A comprehensive cash-for-clunker-lighting program already exists, says the National Lighting Bureau (NLB), but far too few commercial-lighting decision-makers are using it. According to NLB President Howard P. Lewis, by qualifying for the Commercial Building Tax Deduction (CBTD), commercial-lighting-system owners can derive a tax benefit to help offset the cost of a new lighting system or lighting-system improvement, up to $0.60/sq ft.
"The federal tax benefit in many cases only scratches the surface of the financial benefits available," says Mike Colotti, VP, brand management and marketing communications, for NLB sponsor Osram Sylvania. "Other financial incentives include tax or other benefits from state governments, as well as rebates from local electric utilities, plus significant utility savings in the form of lower energy costs and lower demand charges."
In addition, demand charges are based on the rate at which a commercial entity consumes electricity. Those that need more at any given time pay more, because the utility must invest more in generation, transmission, and distribution equipment to meet a customer’s instantaneous need. In many cases, demand charges can be influenced for months or an entire year based on a maximum need that occurs for an hour or less each year. In some cases, demand charges can equal or even exceed the cost of energy consumption.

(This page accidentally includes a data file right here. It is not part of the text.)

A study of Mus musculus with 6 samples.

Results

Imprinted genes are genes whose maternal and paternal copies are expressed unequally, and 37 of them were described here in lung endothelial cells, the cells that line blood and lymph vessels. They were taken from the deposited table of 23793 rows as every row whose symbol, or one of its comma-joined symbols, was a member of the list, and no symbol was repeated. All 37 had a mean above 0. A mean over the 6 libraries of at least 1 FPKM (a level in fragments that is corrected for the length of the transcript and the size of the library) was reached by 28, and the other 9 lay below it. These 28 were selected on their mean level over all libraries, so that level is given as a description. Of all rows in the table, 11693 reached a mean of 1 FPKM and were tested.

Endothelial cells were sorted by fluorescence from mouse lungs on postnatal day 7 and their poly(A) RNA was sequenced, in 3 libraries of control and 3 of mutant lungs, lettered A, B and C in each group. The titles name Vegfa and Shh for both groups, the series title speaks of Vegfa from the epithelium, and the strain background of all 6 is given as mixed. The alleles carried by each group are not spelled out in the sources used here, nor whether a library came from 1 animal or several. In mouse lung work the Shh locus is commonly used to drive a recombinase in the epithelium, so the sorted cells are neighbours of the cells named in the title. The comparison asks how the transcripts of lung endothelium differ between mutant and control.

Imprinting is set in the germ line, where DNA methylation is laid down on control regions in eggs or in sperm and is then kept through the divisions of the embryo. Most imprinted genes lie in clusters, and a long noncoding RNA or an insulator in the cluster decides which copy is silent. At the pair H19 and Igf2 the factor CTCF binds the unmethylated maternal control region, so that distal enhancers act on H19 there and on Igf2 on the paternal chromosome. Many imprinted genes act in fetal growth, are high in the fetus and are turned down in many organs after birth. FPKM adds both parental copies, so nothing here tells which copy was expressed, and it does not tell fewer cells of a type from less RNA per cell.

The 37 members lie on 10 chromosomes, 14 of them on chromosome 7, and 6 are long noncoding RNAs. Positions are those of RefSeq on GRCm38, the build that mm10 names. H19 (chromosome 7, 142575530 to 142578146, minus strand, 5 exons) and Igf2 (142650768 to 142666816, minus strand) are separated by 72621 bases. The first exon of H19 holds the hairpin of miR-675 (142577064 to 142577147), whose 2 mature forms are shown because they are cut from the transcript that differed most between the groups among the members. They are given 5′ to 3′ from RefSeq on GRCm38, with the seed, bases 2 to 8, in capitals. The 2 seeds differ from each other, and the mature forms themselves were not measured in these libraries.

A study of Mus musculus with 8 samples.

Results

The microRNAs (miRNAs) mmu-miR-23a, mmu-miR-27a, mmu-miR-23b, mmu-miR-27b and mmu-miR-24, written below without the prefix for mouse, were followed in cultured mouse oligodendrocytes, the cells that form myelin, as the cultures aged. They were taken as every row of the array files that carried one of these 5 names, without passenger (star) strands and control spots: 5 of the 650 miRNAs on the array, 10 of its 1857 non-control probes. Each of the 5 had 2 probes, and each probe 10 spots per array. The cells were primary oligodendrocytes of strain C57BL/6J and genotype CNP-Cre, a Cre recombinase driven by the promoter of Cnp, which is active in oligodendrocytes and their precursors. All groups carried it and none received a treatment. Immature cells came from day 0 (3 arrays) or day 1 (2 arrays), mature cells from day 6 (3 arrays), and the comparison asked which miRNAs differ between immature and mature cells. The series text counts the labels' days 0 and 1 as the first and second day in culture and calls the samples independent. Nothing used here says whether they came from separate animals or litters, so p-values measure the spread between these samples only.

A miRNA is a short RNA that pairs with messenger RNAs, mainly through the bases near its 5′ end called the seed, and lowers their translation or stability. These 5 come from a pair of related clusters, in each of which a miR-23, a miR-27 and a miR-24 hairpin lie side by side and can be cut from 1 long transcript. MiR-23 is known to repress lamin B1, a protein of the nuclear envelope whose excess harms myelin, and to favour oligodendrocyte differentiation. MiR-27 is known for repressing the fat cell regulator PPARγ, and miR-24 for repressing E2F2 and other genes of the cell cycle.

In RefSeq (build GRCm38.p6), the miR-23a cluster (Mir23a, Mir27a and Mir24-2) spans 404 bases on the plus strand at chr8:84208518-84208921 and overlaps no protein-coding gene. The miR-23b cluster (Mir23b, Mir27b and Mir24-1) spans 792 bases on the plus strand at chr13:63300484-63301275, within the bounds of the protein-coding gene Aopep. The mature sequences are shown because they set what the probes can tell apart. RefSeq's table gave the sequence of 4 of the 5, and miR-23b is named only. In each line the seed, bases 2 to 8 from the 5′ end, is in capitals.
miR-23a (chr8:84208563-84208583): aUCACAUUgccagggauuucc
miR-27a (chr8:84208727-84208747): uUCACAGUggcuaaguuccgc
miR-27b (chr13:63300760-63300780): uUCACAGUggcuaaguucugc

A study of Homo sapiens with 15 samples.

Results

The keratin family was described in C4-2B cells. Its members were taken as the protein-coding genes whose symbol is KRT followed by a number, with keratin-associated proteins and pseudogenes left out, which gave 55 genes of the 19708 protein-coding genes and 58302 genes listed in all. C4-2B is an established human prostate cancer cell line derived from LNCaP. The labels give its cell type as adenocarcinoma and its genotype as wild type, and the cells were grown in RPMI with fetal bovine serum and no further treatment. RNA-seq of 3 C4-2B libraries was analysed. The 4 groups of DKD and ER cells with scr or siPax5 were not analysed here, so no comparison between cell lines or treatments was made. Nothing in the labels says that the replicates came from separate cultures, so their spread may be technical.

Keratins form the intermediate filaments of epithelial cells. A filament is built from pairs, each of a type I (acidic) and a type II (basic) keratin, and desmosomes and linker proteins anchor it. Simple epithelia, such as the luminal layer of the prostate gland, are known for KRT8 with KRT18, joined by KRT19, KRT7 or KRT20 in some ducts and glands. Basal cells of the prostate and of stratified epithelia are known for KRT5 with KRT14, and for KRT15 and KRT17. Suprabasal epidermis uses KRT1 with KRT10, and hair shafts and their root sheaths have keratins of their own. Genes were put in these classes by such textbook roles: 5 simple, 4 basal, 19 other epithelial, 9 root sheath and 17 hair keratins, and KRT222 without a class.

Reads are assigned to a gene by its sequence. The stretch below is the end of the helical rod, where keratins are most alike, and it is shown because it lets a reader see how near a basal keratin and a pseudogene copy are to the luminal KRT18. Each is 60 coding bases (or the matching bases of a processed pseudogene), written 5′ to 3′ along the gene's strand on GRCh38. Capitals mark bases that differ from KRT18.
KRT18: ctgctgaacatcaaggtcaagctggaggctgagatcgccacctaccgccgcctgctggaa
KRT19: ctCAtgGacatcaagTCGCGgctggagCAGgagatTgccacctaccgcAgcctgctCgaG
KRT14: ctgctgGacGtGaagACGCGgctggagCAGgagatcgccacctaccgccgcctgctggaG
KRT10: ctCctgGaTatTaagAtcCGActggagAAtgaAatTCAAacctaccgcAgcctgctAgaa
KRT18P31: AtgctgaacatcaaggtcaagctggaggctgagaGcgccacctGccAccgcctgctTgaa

"It’s important to note that July 1 marked an important changing of the guard," says Colotti. On that date, it became illegal to manufacture or import many popular, conventional T12 magnetic replacement ballasts. (The use of T12 magnetic ballasts in new lighting fixtures was phased out in prior years.) NLB estimates that as many as 500 million conventional T12 lamps are in place; perhaps more. "And conventional T12 lighting, by today's technological standards, are true dinosaurs," adds Colotti. "Many popular T12 lamps will be eliminated as of July 14, 2012, because of the 2009 U.S. Department of Energy (DOE) lamp rulemaking and the ongoing fluorescent-ballast rulemaking process that is expected to eliminate even more T12 ballasts. People need to get those T12 systems out of their buildings while incentives still are available to help offset their costs. Once we reach the point where T12 systems can’t be purchased or maintained — and we’ll be there soon — there’ll be no reason to incentivize owners to replace them. They’ll have no choice."
"T12 lighting-system owners should at least evaluate alternatives," says Lewis. "We are convinced that, in many cases, the benefits of conversion would be so eye-popping, conversion would begin almost immediately."
NLB operates a free service at its website, listing lighting-system designers throughout the United States, as well as individuals qualified to certify that a given lighting-system design qualifies for a CBTD tax benefit.